There is a low barrier for entry to get started in the wedding photography business. Anyone with a DSLR, website, and a stack of business cards can call themselves a photographer and begin booking clients. That’s why you hear the horror stories of brides and grooms paying some person $800 and getting terrible photos of their special day. That doesn’t always happen, but it does far too often.
When I was just getting into the photography business, I remember putting a not so great, slightly blurry photograph of my friend’s wedding (of which I was a guest) that I took on my Costco-purchased, Canon Rebel up on my personal blog and people thought I was a wedding photographer. Luckily, before I jumped into the wedding photography business, I was mentored by a long-time photographer who allowed me to shoot over 20 weddings with him before I began booking my own.
So, if you are a photographer looking to jump into the wonderful world of weddings, there are a few things you must consider. First of all, what do you do if you don’t have any, or very little, wedding experience? I would highly advise that you look for second shooting jobs with a seasoned photographer before venturing out solo. There are some great sites where seconds can look for jobs or photography community groups with people looking for seconds all the time. My first two weddings on my own, I hired friends that had been in the business for years to be my second shooter. That way, I knew that if I somehow screwed up, I had a solid backup.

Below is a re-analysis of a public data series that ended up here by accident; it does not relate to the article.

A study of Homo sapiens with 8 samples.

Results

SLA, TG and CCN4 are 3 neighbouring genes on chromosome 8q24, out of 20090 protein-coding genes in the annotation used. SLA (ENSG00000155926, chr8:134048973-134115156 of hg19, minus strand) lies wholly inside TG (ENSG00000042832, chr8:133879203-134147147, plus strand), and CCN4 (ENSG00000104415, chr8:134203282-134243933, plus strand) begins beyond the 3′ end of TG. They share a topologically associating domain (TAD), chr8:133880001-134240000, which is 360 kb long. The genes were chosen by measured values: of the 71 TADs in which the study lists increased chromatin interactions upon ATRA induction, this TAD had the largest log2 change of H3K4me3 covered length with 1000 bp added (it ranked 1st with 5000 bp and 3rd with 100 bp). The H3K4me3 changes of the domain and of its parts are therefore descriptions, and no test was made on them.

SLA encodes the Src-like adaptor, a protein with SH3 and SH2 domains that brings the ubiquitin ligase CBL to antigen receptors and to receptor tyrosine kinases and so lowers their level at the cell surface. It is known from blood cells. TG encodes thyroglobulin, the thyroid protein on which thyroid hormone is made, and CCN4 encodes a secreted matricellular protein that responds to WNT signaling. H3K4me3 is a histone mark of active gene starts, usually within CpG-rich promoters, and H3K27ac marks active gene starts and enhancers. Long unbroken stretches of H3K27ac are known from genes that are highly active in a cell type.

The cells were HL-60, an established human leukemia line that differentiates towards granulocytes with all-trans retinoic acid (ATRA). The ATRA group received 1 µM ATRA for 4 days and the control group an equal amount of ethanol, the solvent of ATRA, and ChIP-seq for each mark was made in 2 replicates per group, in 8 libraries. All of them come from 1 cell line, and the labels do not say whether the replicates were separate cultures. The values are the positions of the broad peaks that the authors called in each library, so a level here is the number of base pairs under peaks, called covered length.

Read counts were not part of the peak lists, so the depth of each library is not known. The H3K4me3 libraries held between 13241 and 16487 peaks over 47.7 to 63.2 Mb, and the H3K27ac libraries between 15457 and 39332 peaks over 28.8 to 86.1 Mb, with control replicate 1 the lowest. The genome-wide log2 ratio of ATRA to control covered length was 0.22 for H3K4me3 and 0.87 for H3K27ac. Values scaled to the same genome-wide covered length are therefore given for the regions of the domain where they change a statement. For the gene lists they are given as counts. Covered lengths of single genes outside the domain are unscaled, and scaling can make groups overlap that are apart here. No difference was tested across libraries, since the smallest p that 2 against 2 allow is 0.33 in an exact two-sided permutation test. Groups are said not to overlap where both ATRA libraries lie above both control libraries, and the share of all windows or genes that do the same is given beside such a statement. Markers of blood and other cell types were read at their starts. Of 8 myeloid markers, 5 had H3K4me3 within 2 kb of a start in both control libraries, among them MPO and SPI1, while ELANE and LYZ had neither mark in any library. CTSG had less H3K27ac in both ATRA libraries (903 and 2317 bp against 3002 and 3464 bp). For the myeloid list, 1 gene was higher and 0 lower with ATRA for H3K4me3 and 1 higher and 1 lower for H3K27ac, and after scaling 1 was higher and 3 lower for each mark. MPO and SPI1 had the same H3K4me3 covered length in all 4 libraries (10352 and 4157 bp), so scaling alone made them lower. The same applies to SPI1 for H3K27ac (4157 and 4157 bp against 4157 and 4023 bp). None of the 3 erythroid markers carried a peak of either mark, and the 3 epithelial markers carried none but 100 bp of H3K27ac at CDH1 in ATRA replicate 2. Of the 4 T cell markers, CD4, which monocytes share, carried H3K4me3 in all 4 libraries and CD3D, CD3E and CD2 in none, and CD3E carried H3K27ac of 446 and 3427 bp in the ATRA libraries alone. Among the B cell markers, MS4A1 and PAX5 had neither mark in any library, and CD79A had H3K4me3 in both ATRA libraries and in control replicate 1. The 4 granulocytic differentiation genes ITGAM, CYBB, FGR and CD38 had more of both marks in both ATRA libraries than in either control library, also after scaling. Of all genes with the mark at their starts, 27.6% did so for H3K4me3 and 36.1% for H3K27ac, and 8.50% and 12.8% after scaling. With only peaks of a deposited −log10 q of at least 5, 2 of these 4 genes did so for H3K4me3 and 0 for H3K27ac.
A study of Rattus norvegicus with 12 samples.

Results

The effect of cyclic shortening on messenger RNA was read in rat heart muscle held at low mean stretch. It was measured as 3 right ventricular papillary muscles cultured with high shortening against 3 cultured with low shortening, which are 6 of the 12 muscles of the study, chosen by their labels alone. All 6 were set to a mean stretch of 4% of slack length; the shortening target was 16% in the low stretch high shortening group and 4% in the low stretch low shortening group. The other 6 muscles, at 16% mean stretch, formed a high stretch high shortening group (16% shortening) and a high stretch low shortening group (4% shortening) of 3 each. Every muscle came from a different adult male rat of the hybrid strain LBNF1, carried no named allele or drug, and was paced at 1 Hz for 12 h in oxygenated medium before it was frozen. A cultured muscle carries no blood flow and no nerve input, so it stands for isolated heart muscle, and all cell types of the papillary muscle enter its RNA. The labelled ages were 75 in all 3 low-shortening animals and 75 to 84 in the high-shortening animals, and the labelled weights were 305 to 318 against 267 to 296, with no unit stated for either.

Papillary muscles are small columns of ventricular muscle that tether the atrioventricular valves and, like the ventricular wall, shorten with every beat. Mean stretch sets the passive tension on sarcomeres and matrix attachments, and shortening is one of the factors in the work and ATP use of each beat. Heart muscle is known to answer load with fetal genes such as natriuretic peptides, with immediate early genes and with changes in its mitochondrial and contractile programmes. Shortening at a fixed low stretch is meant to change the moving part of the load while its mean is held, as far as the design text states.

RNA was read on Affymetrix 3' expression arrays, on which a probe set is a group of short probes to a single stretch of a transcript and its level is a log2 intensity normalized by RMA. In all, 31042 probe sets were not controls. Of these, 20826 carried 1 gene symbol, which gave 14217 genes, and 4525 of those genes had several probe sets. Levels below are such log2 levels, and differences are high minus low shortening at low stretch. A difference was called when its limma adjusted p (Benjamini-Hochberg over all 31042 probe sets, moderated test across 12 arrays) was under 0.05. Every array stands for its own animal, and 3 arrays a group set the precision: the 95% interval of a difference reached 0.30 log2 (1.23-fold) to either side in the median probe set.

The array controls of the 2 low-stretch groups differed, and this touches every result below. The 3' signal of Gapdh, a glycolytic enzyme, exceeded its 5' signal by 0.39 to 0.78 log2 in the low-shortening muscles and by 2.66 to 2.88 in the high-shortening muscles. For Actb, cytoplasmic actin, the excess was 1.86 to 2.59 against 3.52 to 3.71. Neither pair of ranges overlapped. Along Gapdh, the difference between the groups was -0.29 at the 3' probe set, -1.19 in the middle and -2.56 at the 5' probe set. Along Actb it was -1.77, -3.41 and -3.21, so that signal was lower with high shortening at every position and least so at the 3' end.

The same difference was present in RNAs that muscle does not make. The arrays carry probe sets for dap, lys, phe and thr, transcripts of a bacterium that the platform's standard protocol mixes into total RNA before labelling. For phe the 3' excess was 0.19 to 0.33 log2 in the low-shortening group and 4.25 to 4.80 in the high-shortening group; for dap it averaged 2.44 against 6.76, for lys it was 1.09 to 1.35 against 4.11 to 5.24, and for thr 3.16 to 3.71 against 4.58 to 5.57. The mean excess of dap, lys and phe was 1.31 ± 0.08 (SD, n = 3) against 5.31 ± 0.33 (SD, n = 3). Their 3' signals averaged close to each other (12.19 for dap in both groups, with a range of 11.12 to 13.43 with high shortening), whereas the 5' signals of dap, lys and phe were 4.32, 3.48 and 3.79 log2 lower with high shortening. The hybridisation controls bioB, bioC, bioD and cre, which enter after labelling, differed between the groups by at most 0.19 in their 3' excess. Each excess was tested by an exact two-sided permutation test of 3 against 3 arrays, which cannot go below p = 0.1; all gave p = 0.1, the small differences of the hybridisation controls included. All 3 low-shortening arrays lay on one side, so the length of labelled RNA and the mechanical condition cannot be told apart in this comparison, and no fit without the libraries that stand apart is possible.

But sometimes new photographers may find themselves booking weddings by friends who have very low budgets and wouldn’t have a photographer otherwise or in a situation with little to no experience, but shooting a wedding nonetheless. That is how photographer Susan Stripling started her now enviable career as a sought after documentary style wedding photographer based out of NYC.
In this short video from B&H Photo, Susan gives us a few basic tips on starting a wedding photography business. Susan shares how she started – by shooting a few weddings and then deciding if wedding photography was a viable career for her. Her personal policy, which I found interesting, is not working with friends or family. She suggests that when first starting to look for acquaintances and friends of friends who may need a wedding photographer while building your portfolio. She gives one really important tip for brand new wedding photographers regarding finances. The video is only 3 minutes long, but it’s interesting to hear how a very respected photographer in our industry today got her start.
However you get your start in the wedding industry, gathering as much information and education as possible is a wise first step. I recommend reading some of these articles to help you along the way.